Aces on Bridge — Daily Columns

The Aces on Bridge: Tuesday, February 8th, 2011

Dealer: West

Vul: Both


A K 4 2

Q J 10 9 2

A Q 3 2


K 5 4

8 7

Q J 9 8 7 5 3 2


Q J 10 7 3

A 7 6 3


A K 10


9 8 6 5


K J 9 6 5 4

6 4


South West North East
3 Dbl. 5
5 Pass 6 All Pass

Opening Lead: Queen

“There could be no honor in a sure success, but much might be wrested from a sure defeat.”

— T.E. Lawrence

After a club lead, careful play might have landed South his diamond slam today. He should ruff the lead, draw trumps, and play a heart toward his eight. If East plays low, the eight loses to West’s king, and it is now a simple matter to take a ruffing finesse against East’s ace. Better defense would be for East to go in with the heart ace at once. Now declarer needs to guess which defender has the king. Should he try to ruff it out or play for the drop? In the event, declarer played a heart before drawing trumps, and now a spade ruff beat the slam.


At the other table East decided to bide his time and passed North’s takeout double of three clubs. South bid three diamonds, and North showed his five-card suit and extra values by bidding three hearts. Now when East bid five clubs, North and South were in a forcing auction, so a pass by South would have been more encouraging than bidding. South, with a singleton in his partner’s suit, decided to discourage by doubling, and North saw no reason to argue with that decision, perhaps hoping that his partner had a club trick.


North led a top spade, which declarer ruffed. Later in the play North was squeezed in the majors and West made an overtrick.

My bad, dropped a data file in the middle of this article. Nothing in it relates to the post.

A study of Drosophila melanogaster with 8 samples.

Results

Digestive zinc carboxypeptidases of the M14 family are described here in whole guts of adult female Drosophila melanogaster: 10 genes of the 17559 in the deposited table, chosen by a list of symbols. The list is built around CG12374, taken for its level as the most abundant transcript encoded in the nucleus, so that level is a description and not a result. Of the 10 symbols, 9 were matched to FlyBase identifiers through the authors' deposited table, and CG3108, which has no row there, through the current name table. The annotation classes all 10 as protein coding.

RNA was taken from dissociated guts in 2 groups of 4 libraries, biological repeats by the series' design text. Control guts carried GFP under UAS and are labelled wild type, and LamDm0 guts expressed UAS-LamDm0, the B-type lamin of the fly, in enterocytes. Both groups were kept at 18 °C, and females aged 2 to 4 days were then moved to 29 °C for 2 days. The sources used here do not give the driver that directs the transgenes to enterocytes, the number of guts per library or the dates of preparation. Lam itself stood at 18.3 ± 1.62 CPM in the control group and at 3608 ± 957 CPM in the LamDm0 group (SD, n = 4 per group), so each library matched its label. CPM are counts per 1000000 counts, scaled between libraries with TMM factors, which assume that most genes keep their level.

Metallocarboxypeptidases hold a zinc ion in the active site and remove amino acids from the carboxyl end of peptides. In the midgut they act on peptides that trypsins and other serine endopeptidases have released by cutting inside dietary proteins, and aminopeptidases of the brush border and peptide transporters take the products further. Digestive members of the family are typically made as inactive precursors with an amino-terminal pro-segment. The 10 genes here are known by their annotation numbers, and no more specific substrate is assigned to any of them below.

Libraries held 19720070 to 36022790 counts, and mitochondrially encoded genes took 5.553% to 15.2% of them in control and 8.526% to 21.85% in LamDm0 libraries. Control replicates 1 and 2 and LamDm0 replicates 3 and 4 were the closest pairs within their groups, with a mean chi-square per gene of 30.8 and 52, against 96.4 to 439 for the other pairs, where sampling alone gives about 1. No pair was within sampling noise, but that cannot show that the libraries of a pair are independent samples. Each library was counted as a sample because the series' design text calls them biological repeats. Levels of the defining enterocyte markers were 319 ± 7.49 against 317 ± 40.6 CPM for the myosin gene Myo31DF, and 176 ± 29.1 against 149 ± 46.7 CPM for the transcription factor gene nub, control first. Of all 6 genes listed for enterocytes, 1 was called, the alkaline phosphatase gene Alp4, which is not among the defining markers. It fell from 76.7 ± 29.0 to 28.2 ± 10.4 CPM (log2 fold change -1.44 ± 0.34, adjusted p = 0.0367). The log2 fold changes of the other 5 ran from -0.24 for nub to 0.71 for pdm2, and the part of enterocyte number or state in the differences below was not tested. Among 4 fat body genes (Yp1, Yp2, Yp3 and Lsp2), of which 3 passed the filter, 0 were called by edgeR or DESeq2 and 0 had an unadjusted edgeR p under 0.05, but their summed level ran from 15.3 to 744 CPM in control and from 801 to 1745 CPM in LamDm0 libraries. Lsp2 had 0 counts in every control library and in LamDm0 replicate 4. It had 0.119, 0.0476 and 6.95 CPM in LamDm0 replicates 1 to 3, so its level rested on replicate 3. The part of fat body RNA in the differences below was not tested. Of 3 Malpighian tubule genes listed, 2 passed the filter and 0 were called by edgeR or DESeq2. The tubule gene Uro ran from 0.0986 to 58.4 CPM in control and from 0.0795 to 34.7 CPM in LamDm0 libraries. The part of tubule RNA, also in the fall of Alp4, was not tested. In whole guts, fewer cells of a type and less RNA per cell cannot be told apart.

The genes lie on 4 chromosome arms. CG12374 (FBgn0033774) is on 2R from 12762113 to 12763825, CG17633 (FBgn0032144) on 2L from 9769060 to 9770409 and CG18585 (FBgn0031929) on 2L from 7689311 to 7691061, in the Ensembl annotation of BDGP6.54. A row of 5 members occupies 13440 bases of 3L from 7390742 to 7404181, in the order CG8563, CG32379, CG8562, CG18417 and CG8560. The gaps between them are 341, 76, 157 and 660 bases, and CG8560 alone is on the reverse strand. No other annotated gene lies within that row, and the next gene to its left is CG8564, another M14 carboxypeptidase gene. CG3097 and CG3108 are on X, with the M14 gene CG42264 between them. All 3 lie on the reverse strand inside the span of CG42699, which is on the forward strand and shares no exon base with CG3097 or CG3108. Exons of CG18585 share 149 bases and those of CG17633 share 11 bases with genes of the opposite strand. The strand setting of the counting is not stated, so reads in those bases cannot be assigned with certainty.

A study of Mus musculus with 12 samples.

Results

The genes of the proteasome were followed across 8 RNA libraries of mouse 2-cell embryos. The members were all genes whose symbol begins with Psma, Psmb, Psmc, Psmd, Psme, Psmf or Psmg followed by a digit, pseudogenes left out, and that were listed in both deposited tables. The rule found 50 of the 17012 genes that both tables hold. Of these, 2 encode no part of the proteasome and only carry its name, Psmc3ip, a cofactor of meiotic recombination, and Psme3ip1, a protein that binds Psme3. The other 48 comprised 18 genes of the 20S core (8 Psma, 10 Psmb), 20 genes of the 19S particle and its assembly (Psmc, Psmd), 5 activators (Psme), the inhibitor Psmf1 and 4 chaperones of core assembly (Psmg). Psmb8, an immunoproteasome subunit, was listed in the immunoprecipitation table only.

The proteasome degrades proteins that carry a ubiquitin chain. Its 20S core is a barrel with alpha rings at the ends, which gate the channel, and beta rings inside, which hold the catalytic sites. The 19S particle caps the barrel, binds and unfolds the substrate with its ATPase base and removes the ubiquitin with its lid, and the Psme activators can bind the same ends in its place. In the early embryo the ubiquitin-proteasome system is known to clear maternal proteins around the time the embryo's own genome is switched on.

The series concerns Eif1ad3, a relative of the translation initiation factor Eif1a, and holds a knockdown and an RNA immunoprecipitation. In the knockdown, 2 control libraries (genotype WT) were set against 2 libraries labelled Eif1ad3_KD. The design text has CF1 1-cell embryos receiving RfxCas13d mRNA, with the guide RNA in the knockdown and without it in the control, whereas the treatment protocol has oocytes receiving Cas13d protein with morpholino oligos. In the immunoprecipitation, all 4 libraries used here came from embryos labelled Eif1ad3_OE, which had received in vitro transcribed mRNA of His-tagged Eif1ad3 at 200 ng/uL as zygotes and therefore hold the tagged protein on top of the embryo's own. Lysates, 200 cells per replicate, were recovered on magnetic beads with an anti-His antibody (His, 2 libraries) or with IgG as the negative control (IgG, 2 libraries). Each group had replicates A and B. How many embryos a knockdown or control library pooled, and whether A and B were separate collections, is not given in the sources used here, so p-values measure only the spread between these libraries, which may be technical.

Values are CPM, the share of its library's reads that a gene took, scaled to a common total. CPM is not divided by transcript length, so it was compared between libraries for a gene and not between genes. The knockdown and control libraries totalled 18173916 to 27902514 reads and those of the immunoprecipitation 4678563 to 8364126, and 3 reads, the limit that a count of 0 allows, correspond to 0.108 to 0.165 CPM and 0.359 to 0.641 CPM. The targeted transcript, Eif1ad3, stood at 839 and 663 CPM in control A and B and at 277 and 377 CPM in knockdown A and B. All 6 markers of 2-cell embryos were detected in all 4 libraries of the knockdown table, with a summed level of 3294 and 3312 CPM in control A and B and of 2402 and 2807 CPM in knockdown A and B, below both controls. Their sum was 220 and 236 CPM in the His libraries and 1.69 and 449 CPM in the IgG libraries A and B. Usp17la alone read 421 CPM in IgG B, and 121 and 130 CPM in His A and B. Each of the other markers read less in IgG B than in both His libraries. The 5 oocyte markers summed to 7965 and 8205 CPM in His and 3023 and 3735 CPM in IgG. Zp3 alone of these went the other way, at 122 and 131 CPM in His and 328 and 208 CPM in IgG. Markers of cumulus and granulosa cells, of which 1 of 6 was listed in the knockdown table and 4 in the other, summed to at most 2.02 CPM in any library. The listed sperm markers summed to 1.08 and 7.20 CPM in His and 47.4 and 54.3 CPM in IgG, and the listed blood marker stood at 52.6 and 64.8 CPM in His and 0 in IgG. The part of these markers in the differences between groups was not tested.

Think of how the South player from the first room must have felt. He went down in a slam he might have made — and so gained only 13 IMPs!


South Holds:

Q J 10 7 3
A 7 6 3
A K 10


South West North East
1 2 Pass Pass
Dbl. Pass Pass 2
ANSWER: When your partner passed your takeout double of two diamonds, it suggested that your side should not let the opponents play undoubled. With four trumps it looks logical to double two hearts, without worrying about the quality of your hearts. You have nothing to be ashamed of here, with quick tricks and trump length.


For details of Bobby Wolff’s autobiography, The Lone Wolff, contact If you would like to contact Bobby Wolff, please leave a comment at this blog. Reproduced with permission of United Feature Syndicate, Inc., Copyright 2011. If you are interested in reprinting The Aces on Bridge column, contact


David WarheitFebruary 23rd, 2011 at 9:24 am

While north can be squeezed in the majors, in fact west will ruff four rounds of spades which will establish dummy’s long spade thus making the squeeze unnecessary. Of course, if north never leads spades, west must rely on the squeeze, but if north leads hearts and then wins the first diamond and leads hearts again, nothing works and west is held to 5.

bobbywolffFebruary 23rd, 2011 at 3:13 pm

Hi David,

Yes, your observations and comments are usually on target.

I hope for your sake that at the table you cut some slack for yourself and not try and over analyze every possibility, whether real or imagined, because if so, your efforts may become adversely effected by their sheer weight of frequency causing you to lose endurance and therefore subject to mistakes.

As long as you save your analysis for discussions you should be OK, but I can assure you that if not, bridge perfection may tend to be your undoing, while trying to achieve being as good as you can be.